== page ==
While most game makers are seeing booming usage statistics in the era of coronavirus-induced social distancing, Niantic is in the opposite position. The company’s games—including Pokémon Go, Harry Potter: Wizards Unite, and Ingress—are all built around the idea of leaving the house and meeting up with people in real-world locations.
This story originally appeared on Ars Technica, a trusted source for technology news, tech policy analysis, reviews, and more. Ars is owned by WIRED’s parent company, Condé Nast.
Now that those things are impossible or discouraged for large portions of the population, Niantic is adjusting its game design philosophy to “embrace real-world gaming from home,” as it says in a blog update Monday.
“We have always believed that our games can include elements of indoor play that complement the outdoor, exercise and explore DNA of what we build,” the company writes. “Now is the time for us to prioritize this work, with the key challenge of making playing indoors as exciting and innovative as our outdoor gameplay.”
To that end, Niantic will be improving its existing Adventure Sync connection, which lets your mobile device track steps to earn in-game rewards even while you’re not playing. Niantic says it will update that feature “so it works even better with indoor movement and activities” and so “activities like cleaning your house and running on a treadmill count toward game achievements.”
Pokémon Go players will soon also be able to team up for raids without the need to congregate together in a real-world place. Live events like the (sometimes disastrous) Pokémon Go Fest will also be going virtual, with more details to come soon. And the company is “looking into” ways for players to visit favored real-world locations virtually, “until they can once again visit them in person.”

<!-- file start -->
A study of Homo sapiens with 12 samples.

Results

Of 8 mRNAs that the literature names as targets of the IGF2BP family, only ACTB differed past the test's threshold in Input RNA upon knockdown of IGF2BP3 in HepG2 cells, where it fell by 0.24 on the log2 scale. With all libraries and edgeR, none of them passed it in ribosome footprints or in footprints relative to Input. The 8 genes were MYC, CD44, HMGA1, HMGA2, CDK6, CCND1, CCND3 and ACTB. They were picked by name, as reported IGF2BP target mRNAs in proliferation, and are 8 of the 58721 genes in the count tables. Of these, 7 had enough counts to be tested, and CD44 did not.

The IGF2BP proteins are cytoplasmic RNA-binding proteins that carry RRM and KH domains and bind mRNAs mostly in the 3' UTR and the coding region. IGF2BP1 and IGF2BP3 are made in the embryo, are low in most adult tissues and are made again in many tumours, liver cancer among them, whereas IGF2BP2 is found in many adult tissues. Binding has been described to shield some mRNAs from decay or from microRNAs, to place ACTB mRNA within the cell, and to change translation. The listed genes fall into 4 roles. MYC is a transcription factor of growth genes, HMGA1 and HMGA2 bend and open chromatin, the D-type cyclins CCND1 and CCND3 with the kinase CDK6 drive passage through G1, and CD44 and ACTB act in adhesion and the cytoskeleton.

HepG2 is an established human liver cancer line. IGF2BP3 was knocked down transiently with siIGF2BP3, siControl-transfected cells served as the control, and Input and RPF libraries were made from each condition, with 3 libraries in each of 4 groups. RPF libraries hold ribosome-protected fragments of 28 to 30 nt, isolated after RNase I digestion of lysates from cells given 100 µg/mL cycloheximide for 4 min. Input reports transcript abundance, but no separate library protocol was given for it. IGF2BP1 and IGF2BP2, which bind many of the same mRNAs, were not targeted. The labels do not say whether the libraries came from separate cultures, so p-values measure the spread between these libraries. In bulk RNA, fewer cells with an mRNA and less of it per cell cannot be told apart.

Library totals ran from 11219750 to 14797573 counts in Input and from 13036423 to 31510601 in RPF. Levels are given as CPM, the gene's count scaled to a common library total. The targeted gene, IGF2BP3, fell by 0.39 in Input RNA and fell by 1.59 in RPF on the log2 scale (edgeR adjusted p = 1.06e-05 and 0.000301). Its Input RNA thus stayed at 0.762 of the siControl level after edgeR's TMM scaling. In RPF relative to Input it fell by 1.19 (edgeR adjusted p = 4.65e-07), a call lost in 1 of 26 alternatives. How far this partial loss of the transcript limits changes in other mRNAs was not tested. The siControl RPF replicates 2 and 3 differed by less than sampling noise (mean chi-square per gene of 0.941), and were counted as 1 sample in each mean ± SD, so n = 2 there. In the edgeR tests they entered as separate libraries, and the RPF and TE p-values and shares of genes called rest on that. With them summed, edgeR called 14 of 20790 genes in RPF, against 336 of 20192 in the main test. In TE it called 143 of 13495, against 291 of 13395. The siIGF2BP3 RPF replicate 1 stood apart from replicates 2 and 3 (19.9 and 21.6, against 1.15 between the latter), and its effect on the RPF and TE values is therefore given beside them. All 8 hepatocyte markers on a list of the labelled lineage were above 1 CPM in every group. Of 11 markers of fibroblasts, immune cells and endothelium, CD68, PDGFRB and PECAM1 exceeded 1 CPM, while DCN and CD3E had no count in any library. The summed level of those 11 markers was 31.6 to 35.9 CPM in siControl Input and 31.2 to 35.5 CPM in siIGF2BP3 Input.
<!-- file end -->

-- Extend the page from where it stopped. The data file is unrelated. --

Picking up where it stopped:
Niantic is also highlighting game-specific changes that make it easier to complete objectives without leaving the house. That includes an earlier Pokémon Go update that heavily reduced the in-game cost of incense and Pokéballs, so players can catch virtual critters without the need to move.
“In areas where it is permitted by local authorities, outdoor walks, practiced with proper social distancing, will continue to be a great way to contribute to physical and mental well being and you’ll still be able to play our games while you do that,” the company said. “The changes we are making offer an alternative when that’s not possible.”
The forced changes are a bit ironic considering Niantic’s ongoing, zero-tolerance battles with automated bots. While many used these unauthorized third-party services to level up quickly without actually playing the game, some used the GPS-spoofing functions to simply find creatures and virtually reach locations that they couldn’t reach in the real world. Now that we’re all stuck inside, though, that aspect of what used to be considered “cheating” is being embraced by Niantic, to a degree.
This story originally appeared on Ars Technica.